It’s hard enough in life to make decisions without the shadow of anxiety being cast over our view. Standing at a coffee shop and deciding what you want to drink is a chore, with all of these different frappuccinos, macchiatos, unicorn concoctions.
Now let’s add a little voice in your head reminding you of the people standing behind you, waiting for you to make your order. You have been standing in line for five minutes waiting on your turn at the counter and, even though you were texting your friend about work or class, you know the people behind you have their minds made up already. The only thing holding them up is you, taking forever to decide what you want to drink out of the endless choices on the menu. While this little voice is now taking up your complete thought process, you realize you have forgotten to decide on a drink, so you say the first thing that came to your mind and hope it’s good.
Now let’s decide what to do with our lives! There are infinitely more variables in life than coffee, and the path we choose may end up a dead end. Being constantly reminded of your past failures, the people who you have let down, the people who are counting on you not to let them down, the state of the economy, the state of our nation, the state of your room, and all the other pressures of life can be too much to handle. When the complexities of life are too much to bear, let us try and simplify things. There is only one thing that can calm the storm of anxiety building in your head, and that is to cut out all the complexities and focus on what actually matters. Take a moment, take a breath, clear your head, and decide what you want. The Avett Brothers put it in a very simple, yet elegant way. They say, “Decide what to be and go be it.”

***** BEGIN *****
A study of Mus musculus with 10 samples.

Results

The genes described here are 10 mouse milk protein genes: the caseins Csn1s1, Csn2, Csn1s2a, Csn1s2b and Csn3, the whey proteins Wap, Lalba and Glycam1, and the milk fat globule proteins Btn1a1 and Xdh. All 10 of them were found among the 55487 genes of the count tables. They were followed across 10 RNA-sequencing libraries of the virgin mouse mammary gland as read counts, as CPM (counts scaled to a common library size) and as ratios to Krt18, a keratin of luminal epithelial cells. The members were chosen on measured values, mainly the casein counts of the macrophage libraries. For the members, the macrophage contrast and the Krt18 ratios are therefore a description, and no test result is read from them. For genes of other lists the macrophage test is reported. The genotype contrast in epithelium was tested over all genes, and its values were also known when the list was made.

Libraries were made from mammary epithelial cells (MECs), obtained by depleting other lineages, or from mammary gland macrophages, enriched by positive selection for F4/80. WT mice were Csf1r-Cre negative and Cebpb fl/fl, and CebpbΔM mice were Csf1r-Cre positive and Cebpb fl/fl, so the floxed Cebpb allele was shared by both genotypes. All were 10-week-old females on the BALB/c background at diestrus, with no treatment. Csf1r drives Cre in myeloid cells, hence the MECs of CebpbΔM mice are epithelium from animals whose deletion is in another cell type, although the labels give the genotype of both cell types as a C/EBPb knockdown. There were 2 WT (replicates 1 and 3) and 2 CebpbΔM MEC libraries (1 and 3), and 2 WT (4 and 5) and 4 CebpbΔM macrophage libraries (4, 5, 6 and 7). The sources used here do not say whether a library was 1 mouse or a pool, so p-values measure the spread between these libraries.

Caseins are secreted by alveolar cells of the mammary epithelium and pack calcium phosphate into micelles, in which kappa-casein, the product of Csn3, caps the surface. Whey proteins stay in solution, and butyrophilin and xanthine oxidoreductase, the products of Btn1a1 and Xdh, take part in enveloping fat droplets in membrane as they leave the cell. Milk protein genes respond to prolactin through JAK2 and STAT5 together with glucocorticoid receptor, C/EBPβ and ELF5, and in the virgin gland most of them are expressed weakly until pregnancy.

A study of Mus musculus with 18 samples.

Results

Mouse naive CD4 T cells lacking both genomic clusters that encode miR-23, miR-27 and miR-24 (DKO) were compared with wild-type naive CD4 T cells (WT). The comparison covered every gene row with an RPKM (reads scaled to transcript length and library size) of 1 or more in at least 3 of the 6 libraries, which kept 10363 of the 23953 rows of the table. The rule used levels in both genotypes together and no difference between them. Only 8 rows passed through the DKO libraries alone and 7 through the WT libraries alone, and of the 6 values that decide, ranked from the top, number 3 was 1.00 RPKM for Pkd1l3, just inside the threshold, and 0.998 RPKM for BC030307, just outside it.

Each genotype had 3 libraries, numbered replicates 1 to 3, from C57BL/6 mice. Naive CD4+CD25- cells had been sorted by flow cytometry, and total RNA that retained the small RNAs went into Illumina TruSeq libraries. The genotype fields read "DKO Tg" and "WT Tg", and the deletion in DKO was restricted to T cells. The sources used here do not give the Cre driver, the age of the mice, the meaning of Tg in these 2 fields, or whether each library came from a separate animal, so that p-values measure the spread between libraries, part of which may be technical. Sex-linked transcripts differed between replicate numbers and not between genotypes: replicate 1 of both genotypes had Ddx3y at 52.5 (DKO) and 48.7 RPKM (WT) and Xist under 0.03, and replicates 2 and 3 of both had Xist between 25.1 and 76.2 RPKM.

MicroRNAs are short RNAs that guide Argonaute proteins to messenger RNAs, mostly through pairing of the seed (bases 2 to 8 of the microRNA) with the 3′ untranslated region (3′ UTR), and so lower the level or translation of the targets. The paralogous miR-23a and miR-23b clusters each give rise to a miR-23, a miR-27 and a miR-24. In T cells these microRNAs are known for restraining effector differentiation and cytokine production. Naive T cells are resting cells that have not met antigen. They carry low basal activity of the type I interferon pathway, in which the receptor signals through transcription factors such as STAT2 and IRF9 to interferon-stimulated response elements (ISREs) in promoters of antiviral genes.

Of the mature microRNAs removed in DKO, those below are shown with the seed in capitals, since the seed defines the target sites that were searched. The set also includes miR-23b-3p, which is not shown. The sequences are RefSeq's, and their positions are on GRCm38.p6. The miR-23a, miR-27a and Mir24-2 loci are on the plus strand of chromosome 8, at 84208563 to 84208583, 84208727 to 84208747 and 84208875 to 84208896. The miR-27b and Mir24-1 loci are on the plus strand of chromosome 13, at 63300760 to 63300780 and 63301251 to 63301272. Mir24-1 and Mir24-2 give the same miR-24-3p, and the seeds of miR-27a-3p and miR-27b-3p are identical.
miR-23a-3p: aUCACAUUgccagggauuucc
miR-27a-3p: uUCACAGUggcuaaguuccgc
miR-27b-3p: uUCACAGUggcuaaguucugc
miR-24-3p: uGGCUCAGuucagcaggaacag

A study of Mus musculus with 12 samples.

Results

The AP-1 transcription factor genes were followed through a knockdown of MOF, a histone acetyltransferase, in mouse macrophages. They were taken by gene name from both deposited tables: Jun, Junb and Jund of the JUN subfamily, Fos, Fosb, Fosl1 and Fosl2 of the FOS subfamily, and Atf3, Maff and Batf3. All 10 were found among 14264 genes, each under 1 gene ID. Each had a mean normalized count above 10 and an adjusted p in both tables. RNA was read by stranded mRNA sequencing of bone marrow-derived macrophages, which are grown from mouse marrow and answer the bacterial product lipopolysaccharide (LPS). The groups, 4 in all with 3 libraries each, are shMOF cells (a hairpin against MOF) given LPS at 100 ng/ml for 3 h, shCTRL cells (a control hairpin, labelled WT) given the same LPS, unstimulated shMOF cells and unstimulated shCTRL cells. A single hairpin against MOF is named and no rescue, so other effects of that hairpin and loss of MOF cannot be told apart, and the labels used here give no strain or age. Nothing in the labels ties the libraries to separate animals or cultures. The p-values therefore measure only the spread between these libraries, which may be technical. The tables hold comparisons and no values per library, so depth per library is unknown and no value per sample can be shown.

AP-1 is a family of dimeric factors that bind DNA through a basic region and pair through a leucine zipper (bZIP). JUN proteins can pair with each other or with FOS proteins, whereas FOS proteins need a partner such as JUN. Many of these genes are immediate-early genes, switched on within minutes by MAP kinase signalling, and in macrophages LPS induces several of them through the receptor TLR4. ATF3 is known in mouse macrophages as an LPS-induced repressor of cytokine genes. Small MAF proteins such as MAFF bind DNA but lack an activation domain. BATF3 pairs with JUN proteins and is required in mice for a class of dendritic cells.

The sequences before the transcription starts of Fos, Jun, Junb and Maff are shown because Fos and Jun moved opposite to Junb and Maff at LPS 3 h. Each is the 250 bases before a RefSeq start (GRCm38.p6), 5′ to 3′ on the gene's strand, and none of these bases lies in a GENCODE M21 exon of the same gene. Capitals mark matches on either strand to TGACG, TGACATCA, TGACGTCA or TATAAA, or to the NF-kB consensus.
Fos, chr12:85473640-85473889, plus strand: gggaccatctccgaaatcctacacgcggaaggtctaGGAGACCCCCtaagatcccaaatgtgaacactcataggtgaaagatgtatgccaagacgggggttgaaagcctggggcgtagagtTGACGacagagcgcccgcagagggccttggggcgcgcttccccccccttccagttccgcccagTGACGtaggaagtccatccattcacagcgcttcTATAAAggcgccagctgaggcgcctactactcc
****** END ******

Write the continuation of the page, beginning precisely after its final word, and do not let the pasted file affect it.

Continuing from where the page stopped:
When we break down the choices we are faced with to their simplest form, this is where we find clarity. We can take this statement and apply it to anything in our lives, simply decide what you want and get it. As it turns out, most of the time, all the other factors will fall into alignment for us. If they don’t, don’t stress about it, you learned from it and will make a better choice next time. When you break the problem down to its simplest form, decisions come easier. That is not to say that cutting out all the extra issues is an easy task. In fact, this can be one of the hardest things to do. However, with practice and persistence, simply taking a moment to focus on the real question will make it very hard on that little voice to get you anxious and flustered.
So next time you are getting stressed out over a decision, whether it is what type of coffee to get, what type of car to buy, or even what you want to do with your life, simply decide what you want and go get it.